The Indian rupee has seen a steep fall in the last few weeks. In fact, the run from Rs68 to 72/$ has been really rapid. The graph below captures the gist of the rupee movement since the beginning of the year.
What is causing the sharp depreciation of the rupee?
When the rupee started depreciating, the immediate response was to say that it would boost exports. However, with the rupee getting to 72/$, the export celebration is being subdued by the real worries over the import bill. There are quite a few factors responsible for the weakening of the rupee. The primary reason has been the rise in crude oil prices.
Since India imports ~80% of its crude oil requirements, any rise in price will lead to a higher trade deficit. That is already obvious with the trade deficit shooting up to $18bn in the month of July 2018. When the trade deficit rises, the current account deficit (CAD) also increases (CAD is getting closer to 3%). Higher CAD is like borrowing for your morning breakfast leading to increased borrowing and this further weakens the rupee. As of now, nobody is sure of how low the rupee will go. So, what happens if the INR dips to 75/$? What should be your investment strategy then?
What should be your stock strategy if INR touches Rs.75/$?
A sharp fall in the rupee is rarely very great news for the economy as a whole. But then the market is all about opportunities, and there should be opportunities in the midst of a weak rupee too. Let us look at few such opportunities.
Export stocks will be the obvious beneficiaries. We have seen pharma and IT stocks rally quite sharply in the last few months and that is largely on the back of a weak rupee. A weak rupee means a stronger dollar. That means that each dollar that these exporters earn will deliver more in INR for them and that is a big advantage.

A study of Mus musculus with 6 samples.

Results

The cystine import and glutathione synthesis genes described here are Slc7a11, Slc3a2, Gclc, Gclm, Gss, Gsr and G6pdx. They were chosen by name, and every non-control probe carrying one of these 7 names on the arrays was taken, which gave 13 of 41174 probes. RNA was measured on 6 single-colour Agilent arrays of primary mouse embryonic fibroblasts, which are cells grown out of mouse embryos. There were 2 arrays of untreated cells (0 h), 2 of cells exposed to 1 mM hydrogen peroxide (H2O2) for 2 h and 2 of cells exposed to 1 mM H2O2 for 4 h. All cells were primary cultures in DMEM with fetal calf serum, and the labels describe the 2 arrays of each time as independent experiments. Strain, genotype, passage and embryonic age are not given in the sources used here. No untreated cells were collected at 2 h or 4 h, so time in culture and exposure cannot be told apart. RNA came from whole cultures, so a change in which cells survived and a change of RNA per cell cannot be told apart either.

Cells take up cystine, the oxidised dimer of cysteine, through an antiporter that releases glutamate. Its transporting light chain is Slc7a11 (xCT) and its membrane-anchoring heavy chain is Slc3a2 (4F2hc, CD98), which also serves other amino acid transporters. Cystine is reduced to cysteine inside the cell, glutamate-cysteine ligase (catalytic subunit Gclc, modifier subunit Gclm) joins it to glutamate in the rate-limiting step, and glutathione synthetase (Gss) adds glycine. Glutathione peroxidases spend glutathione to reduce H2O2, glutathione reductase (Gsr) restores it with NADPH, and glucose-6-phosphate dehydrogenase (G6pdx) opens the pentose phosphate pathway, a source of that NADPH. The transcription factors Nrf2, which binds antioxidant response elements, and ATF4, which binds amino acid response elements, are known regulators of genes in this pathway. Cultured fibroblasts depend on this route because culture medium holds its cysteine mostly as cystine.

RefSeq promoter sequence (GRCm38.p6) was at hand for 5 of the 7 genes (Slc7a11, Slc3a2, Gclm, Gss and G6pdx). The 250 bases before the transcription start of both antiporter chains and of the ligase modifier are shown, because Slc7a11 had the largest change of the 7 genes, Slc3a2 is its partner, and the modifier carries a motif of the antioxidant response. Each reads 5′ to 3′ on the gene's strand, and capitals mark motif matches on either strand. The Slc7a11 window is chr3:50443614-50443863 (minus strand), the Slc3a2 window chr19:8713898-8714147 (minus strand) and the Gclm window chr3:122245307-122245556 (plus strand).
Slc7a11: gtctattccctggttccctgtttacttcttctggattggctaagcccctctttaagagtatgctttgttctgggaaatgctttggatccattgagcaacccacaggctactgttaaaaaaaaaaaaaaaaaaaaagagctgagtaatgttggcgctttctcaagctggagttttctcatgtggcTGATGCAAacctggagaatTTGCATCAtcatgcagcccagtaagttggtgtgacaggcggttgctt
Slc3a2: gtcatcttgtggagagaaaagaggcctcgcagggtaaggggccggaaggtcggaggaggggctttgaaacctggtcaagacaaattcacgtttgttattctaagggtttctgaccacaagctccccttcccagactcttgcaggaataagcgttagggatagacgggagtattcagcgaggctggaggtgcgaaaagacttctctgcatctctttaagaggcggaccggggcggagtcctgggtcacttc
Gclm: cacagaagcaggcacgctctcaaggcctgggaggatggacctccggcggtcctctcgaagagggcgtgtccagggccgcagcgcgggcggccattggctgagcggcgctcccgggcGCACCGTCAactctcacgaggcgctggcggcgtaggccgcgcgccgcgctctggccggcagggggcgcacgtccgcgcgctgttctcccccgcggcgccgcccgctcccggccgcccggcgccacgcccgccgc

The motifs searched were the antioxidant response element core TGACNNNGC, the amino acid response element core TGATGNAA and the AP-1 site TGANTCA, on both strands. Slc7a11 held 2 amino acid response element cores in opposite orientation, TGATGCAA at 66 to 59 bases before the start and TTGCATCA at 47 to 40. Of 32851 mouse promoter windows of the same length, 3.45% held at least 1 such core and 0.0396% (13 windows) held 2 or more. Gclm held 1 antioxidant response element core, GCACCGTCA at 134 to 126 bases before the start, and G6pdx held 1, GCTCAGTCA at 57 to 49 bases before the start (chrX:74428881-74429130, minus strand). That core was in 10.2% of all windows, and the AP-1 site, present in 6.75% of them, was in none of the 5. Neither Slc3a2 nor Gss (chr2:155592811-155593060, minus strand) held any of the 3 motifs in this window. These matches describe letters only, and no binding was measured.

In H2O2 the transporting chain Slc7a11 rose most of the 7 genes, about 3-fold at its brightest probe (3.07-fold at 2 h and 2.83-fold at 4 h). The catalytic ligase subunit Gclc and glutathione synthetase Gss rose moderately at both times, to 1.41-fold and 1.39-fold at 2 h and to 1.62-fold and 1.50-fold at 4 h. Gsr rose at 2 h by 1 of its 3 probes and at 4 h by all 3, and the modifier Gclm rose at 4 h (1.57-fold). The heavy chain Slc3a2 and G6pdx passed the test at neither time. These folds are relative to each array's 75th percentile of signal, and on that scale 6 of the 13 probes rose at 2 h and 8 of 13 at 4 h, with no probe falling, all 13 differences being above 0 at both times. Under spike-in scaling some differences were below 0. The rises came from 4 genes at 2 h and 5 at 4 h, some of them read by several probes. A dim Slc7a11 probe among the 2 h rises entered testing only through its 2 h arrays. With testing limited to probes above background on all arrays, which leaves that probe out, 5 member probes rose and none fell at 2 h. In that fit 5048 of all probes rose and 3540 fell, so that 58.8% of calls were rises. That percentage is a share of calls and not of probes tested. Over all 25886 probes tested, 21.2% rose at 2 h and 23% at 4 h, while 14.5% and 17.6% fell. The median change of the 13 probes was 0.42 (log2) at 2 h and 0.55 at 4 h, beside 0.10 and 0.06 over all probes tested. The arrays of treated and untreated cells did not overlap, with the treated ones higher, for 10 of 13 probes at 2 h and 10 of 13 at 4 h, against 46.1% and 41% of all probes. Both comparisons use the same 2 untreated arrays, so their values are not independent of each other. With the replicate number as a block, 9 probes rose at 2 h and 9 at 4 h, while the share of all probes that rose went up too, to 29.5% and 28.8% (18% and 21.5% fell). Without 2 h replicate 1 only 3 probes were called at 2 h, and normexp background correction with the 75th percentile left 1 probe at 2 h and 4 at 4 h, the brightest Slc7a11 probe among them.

In the IT space, many large caps may be priced close to their peak average ranges and hence it may be a better idea to focus on mid-cap stocks in the IT space.
Let us focus on pharmaceutical stocks. Pharma stocks corrected sharply in the last few years and have shown the first signs of bottoming out. There appears to be a degree of stability in the way the FDA issues have been managed. Several pharma companies such as Aurobindo are already adopting the inorganic route and these US-focused pharma companies may be a lot more attractive if the INR goes to 75.
In addition, you must focus on the domestic players. The likes of Hindustan Unilever, Britannia, Marico, and Havells are essentially plays on the India consumer story and that is not likely to get significantly impacted by the value of the rupee.
Further, consumer goods companies typically tend to benefit from inflation as the price effect plays in favour of their pricing power. That will also work to their advantage. A strong dollar and a huge untapped market in India will force a lot of FMCG companies to penetrate deeper into the Indian hinterland. That will not only be a boost to FMCG companies but also an indirect boost to logistics companies as it will open up huge opportunities for them.
Finally, a word of caution. Debt is a bad word in these conditions, especially if the debt is largely dollar denominated. Ideally, you must avoid companies that are very heavy on dollar debt or companies that have a high import component. As investors you need to be cautious on such stocks.
The last market bottom was made when the rupee crashed sharply in 2013. From that level, the Nifty has doubled and specific stocks in the mid cap space have appreciated 10-15 times. A crisis has typically been an opportunity to indulge in selected buying in the market. The INR at 75/$ will be no different in terms of opportunities.